Time travel | City & History

Bernese whey receives royal approval

Sisi, the famous Empress Elisabeth, was a much more frequent visitor to Switzerland than previously known. She visited the Bernese Oberland in 1892, where she very much enjoyed a local product normally used as pig feed ...

In 1892, Elisabeth, Empress of Austria and Queen of Hungary, was well known throughout Europe and attracted a lot of attention wherever she went. People in Switzerland were no exception and they were keen to catch a glimpse of the monarch when she visited Zurich at the end of August. She proceeded from Zurich to Lucerne, and then on to Rigi Kaltbad, before arriving in Interlaken on 16 September. She travelled under the pseudonym ‘Madame de Tolna’. However, it would be wrong to think that the media in Switzerland tracked the monarch’s every move. The newspapers in those days did not share the current media obsession with the nobility. As a result, there are relatively few reports on Sisi, as the Empress was known in her family.


Brief statement about the Empress in Intelligenzblatt für die Stadt Bern of 14 September 1892. e-newspaperarchives

There is no record of how long the illustrious visitor spent in Interlaken-Matten. The newspaper Tägliche Anzeiger für Thun refers to a “short stay”, while the Geschäftsblatt für den oberen Teil des Kantons Bern reported a break “lasting several weeks”. The Empress evidently based the duration of her stay on the weather. The hoteliers were experiencing the onset of the autumn blues as heavy downpours hastened the departure of two-thirds of the guests.

Following the arrival of Elisabeth of Austria, the weather suddenly improved. After some grey and cold days, Sisi experienced “wonderful, bright autumn days”, according to the Neue Freie Presse, and the hotels filled up again, especially when word got out that the Empress was in town.


The Empress wearing a Swiss blouse and Bernese belt: Elisabeth had this photograph taken in Vienna. Wikimedia / Ludwig Angerer

The Hotel Jungfraublick enjoyed an elevated location and was visible from afar. This afforded the guests one of the best views in the area. The hotel had a panoramic trail in the nearby woods with a viewing platform and pavilion. Tourism was growing in the Jungfrau region. However, in those days Interlaken was still fighting for a place on the tourist map. Not least because, until 1891, it was known by the somewhat clunky name of Aarmühle. The town then changed its name in what proved a marketing masterstroke, albeit against the will of the local official.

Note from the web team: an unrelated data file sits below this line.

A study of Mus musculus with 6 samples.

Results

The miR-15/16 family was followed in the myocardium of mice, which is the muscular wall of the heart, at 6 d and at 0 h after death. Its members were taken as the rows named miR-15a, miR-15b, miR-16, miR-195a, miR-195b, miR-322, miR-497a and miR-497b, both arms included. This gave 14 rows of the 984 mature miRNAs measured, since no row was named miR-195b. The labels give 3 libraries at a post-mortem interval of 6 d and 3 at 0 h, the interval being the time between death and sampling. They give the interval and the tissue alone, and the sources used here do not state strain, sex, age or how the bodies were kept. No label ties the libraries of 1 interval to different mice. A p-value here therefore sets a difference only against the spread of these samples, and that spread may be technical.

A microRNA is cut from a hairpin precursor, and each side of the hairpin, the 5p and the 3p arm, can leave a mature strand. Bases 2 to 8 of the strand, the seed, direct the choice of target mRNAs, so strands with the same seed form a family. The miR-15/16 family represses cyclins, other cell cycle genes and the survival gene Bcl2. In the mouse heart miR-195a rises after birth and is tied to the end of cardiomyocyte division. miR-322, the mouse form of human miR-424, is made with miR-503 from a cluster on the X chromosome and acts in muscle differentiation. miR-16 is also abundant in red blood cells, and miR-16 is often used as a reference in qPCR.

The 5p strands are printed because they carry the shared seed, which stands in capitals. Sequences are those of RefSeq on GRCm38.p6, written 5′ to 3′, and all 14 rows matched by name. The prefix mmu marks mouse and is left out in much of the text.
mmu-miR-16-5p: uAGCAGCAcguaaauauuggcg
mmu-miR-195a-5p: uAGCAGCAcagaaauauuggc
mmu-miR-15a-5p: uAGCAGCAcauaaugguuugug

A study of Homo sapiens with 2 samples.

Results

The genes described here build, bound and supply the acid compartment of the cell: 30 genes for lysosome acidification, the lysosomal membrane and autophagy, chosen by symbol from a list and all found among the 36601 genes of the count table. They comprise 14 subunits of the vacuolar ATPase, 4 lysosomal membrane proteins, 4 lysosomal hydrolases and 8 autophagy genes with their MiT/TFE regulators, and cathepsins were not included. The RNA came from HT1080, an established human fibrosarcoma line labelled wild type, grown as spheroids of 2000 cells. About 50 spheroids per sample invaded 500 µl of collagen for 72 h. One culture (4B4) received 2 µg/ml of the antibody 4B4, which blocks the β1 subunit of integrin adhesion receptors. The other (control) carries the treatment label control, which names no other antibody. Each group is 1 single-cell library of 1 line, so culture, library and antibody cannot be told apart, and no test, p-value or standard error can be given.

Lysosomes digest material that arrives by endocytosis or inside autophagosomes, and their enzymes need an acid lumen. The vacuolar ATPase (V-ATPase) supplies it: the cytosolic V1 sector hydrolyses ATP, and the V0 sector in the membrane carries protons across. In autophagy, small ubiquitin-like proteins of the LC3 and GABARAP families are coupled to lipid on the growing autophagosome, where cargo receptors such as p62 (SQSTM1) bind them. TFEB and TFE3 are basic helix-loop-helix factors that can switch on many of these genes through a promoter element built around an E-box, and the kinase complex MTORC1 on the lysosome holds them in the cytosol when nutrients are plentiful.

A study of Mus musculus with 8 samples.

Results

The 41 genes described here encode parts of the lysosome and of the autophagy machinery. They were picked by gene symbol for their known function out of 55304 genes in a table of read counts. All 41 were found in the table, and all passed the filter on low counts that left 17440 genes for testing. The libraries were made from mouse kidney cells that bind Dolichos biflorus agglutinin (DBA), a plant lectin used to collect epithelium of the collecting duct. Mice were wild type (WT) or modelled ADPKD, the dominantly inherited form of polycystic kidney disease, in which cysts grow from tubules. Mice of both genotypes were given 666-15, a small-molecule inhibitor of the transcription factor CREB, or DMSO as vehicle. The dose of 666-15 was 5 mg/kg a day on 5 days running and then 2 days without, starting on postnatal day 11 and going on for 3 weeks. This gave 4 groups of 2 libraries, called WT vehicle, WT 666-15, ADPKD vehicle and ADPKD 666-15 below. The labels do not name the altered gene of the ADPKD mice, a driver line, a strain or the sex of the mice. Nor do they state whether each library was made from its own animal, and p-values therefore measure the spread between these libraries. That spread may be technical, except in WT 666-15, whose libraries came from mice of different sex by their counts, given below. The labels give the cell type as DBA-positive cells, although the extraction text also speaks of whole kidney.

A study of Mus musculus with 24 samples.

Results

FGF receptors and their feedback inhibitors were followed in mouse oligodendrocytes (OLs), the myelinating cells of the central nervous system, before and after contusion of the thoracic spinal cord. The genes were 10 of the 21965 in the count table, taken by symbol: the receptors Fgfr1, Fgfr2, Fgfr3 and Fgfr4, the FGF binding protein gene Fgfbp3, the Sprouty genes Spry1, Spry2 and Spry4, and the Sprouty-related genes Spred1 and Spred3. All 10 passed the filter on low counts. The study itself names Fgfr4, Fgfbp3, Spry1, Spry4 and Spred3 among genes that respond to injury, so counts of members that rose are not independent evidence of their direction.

Hotel Jungfraublick on a photograph by Adolphe Braun, circa 1900. Schweizerisches Nationalmuseum

Sisi planned trips to Lauterbrunnen, Mürren and Beatenberg, going on long hikes and bringing her own provisions from the hotel comprising cold meat and cream. Elisabeth spent a week in the Bernese Oberland and underwent a type of spa treatment while in Interlaken where she only drank milk products. She either had cooled milk or whey, which she had brought to her specially every day. Whey is a byproduct of the cheesemaking process and takes the form of a greenish-yellow liquid. It contains practically no fat as it is 94 per cent water, which would have appealed to the Empress who was obsessive over her weight. In those days, as is still the case today, the watery liquid was used more for pig feed than human consumption.


Life-size replica of a dairy at the 1896 National Exhibition in Geneva: the premises at Lake Brienz probably looked similar. ETH Bibliothek Zürich


Watery whey: the liquid left after making cheese. Wikimedia

The Empress was so taken by Bernese Oberland whey that she visited cheese producer Jakob Blatter’s dairy in Oberried by Lake Brienz. Sisi had everything about the production process explained and she paid handsomely for detailed instructions on how to make whey. She even subsequently sent her personal physician there and said that she had not drunk such “excellent and pure whey anywhere else”, as the newspaper Intelligenzblatt für die Stadt Bern proudly reported. Despite the royal seal of approval, whey failed to catch on either as a drink or as a dietary product. Around 1900, the Historical Dictionary of Switzerland called it “useless”. The pigs would have been pleased.